Among major countries, the People’s Republic of China’s annual per capita freshwater resources are among the least abundant.  Water pollution combined with water scarcity threatens to stifle the country’s rapid economic growth.

At Chao Lake, a man covers his nose to stave off putrid smells arising from the swirls of blue-green algae on the water’s surface. Chao Lake is the fifth largest in the country, but like many water bodies in China, it is severely polluted. However, Chao Lake soon will be the site of experiments in several market-based strategies for reducing agricultural nonpoint source pollution.

The Asian Development Bank (ADB) has chosen several large lakes for remediation projects, one of which is Chao Lake— a natural, 2000-ha (5000-ac) waterbody. Located near Hefei, it is the water source for this large urban center. However, when Hefei asked for funding to build more treatment plants and constructed wetlands, ADB wanted to see a significant effort to attack the real source of Chao Lake degradation — agricultural nonpoint source pollution.

Two market-based mechanisms being considered for experimentation at Chao Lake are eco-compensation and payment for ecosystem services (PES), which are similar concepts that overlap to some degree. China is in the process of developing a national eco-compensation ordinance but has not yet taken steps to formalize PES methods.

“Eco-compensation generally includes government funding or incentives to compensate land users for loss of income or land use rights incurred due to environmental protection,” said Cy Jones, senior associate at the World Resources Institute (Washington, D.C.), who is leading several technical studies in Chao Lake.  “Subsidizing soil testing costs for phosphorus is an example,” he said.

The eco-compensation concept includes payment for ecosystem service mechanisms, but does not involve loss of property or land use rights. Instead, the land user produces and sells some kind of environmental benefit. “Maintenance of x acres of habitat, for example,” Jones said, “Or a phosphorus load reduction, with a wastewater treatment plant buying the phosphorus credits.”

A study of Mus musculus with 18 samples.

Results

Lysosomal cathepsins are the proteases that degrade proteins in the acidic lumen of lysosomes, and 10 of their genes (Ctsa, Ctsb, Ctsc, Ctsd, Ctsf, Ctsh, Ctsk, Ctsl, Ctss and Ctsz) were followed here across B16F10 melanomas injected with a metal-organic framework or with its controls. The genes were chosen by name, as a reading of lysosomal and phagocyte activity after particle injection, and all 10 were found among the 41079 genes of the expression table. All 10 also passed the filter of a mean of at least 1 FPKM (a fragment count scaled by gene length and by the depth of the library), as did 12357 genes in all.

One difference between China and the U.S. is the lack of private property. The Chinese government owns all land in China and leases it to users, which makes eco-compensation easier in one sense, Jones said. The government can cancel leases and compensate the lessee, which happens frequently when urban development encroaches on agricultural areas.

Yet, there are millions of small family farms of 0.5 to 1 ha (1–2 ac), making it much more difficult to institute efficient programs for reducing agricultural nonpoint source pollution.  “In China, there are not many effective conservation practices in place,” Jones said. “People farm right up to a lake shore, and runoff from manure storage areas is frequently controlled improperly.”

Funding at Chao Lake eventually could exceed $1 billion and represents a shift toward nonpoint source control solutions that are more comprehensive and coordinated. By first quantifying the problem and corresponding solutions, China can begin to more effectively address water quality needs and engage land users through eco-compensation and PES — starting with the Chao Lake pilot.